Seeds Bear Fruit at Christmas and Beyond

Seeds Bear Fruit at Christmas and Beyond

Dear John and Des,

I bring you good news. Some of our Eagle Wood trees both at Emmaus Farm and behind our workshops are bearings pods. This is wonderful. We were waiting for that. Next week we will collect sand again and get some beds ready for the germination when the time comes. The trees are quite a good size now and beyond the workshop most of them would be ready for inoculation. Have to find a market now.

This is due to your great work on the Farm. Thank you so much. If the income will be as good as predicted it will help us a lot in the future.

At Reyenai plantation we have about 6,600 trees growing well. We only lost about 250 altogether which is excellent.

That is all for today. I hope that you are all keeping as well as our Eagle Wood trees are keeping well.

Pray for us as we do for you.

Bishop Gilles

Western Province, PNG

John Gartner and Des Hansen are Palms Australia returnees who both volunteered at Emmaus Farm, PNG. The seeds of development sown in the Emmaus Farm community continue to bear fruit long after their departure.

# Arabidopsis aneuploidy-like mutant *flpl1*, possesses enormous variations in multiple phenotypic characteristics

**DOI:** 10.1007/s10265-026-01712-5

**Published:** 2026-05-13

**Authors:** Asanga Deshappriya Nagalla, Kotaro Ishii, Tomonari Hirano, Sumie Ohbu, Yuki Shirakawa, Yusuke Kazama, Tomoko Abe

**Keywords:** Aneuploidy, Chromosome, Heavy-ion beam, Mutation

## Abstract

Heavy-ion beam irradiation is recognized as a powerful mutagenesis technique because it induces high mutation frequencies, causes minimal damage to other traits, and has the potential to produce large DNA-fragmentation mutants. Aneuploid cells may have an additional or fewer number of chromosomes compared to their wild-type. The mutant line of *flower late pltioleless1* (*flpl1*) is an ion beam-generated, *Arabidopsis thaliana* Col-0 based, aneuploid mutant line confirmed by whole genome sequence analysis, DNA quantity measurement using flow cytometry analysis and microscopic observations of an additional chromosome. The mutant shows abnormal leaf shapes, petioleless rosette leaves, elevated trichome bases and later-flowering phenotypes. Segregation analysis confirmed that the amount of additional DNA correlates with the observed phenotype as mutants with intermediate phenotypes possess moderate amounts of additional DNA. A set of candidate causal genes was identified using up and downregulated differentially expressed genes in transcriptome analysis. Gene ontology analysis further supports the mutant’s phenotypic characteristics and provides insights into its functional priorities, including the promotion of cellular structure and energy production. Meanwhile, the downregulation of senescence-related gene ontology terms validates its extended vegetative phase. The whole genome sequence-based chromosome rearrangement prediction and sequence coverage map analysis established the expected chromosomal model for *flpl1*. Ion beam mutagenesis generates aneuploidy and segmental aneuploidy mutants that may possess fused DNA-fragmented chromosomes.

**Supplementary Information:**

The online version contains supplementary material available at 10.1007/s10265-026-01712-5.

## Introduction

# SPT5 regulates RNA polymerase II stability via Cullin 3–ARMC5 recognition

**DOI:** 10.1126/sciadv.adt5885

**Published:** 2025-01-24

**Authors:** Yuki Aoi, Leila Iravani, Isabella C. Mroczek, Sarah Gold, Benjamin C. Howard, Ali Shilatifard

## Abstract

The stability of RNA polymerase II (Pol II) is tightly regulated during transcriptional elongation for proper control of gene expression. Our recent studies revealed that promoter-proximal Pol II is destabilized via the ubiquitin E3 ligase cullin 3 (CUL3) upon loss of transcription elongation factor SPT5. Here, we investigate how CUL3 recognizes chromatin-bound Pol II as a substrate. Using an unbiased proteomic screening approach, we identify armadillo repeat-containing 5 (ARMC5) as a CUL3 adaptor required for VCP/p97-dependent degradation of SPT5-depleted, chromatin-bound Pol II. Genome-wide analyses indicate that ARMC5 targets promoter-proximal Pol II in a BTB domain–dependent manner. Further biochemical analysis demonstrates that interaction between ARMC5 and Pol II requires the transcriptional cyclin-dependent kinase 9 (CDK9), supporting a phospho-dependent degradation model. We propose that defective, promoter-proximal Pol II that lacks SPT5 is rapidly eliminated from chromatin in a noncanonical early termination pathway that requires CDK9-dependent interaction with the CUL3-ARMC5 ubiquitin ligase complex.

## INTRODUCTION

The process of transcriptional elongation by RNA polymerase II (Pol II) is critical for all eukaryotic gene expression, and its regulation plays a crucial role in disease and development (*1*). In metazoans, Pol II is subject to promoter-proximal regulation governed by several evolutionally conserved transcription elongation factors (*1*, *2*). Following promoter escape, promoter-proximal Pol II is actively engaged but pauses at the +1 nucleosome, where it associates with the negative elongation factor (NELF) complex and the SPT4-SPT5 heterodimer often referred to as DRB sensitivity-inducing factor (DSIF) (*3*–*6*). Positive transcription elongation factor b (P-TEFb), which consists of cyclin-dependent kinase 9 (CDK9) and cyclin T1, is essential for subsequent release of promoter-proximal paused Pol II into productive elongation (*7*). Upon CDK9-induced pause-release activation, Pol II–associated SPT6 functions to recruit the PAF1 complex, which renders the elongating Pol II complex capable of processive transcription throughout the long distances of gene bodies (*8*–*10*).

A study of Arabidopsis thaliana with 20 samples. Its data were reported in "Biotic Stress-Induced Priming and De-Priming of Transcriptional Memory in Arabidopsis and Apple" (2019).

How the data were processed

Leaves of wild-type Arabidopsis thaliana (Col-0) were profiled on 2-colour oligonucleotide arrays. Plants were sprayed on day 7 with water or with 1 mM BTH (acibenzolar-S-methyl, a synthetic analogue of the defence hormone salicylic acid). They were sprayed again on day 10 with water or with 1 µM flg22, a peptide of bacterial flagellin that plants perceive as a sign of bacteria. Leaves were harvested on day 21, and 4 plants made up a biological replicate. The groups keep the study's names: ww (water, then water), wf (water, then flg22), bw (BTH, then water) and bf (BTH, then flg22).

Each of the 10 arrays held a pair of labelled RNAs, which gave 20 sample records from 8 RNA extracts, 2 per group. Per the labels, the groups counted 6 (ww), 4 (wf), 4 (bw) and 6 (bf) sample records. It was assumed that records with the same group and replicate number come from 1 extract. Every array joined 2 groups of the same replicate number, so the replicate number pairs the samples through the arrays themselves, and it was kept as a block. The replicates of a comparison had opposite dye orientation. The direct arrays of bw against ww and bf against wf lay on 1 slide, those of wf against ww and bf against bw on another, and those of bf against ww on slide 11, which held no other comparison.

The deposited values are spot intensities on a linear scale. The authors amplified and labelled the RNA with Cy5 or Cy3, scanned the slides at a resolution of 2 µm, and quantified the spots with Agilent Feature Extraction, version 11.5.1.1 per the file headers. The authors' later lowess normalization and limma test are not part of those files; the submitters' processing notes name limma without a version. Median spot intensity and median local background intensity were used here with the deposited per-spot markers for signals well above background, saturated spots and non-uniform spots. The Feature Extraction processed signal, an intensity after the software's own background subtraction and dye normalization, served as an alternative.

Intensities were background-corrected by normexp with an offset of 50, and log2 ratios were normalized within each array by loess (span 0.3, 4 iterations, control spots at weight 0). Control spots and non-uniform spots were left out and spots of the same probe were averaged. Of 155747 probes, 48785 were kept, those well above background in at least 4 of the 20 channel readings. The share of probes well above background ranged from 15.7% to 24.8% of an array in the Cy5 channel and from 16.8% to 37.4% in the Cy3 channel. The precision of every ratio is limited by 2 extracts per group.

…and what are Eaglewood Trees?

Eaglewood (Aquilaria crassna, also known as Oud) produces a very resinous and aromatic timber which has been a prized source of perfume and incense since prehistory. Now quite rare in the wild, most of the last natural stands of this tree are in Papua New Guinea, where increasing value of the wood makes forest populations a tempting target for commercial exploitation. With increased capacity, rural communities in PNG are now adopting the sustainable alternative by developing and managing their own plantations of this “treasure tree”, which both generates income and reduces pressure on the natural environment.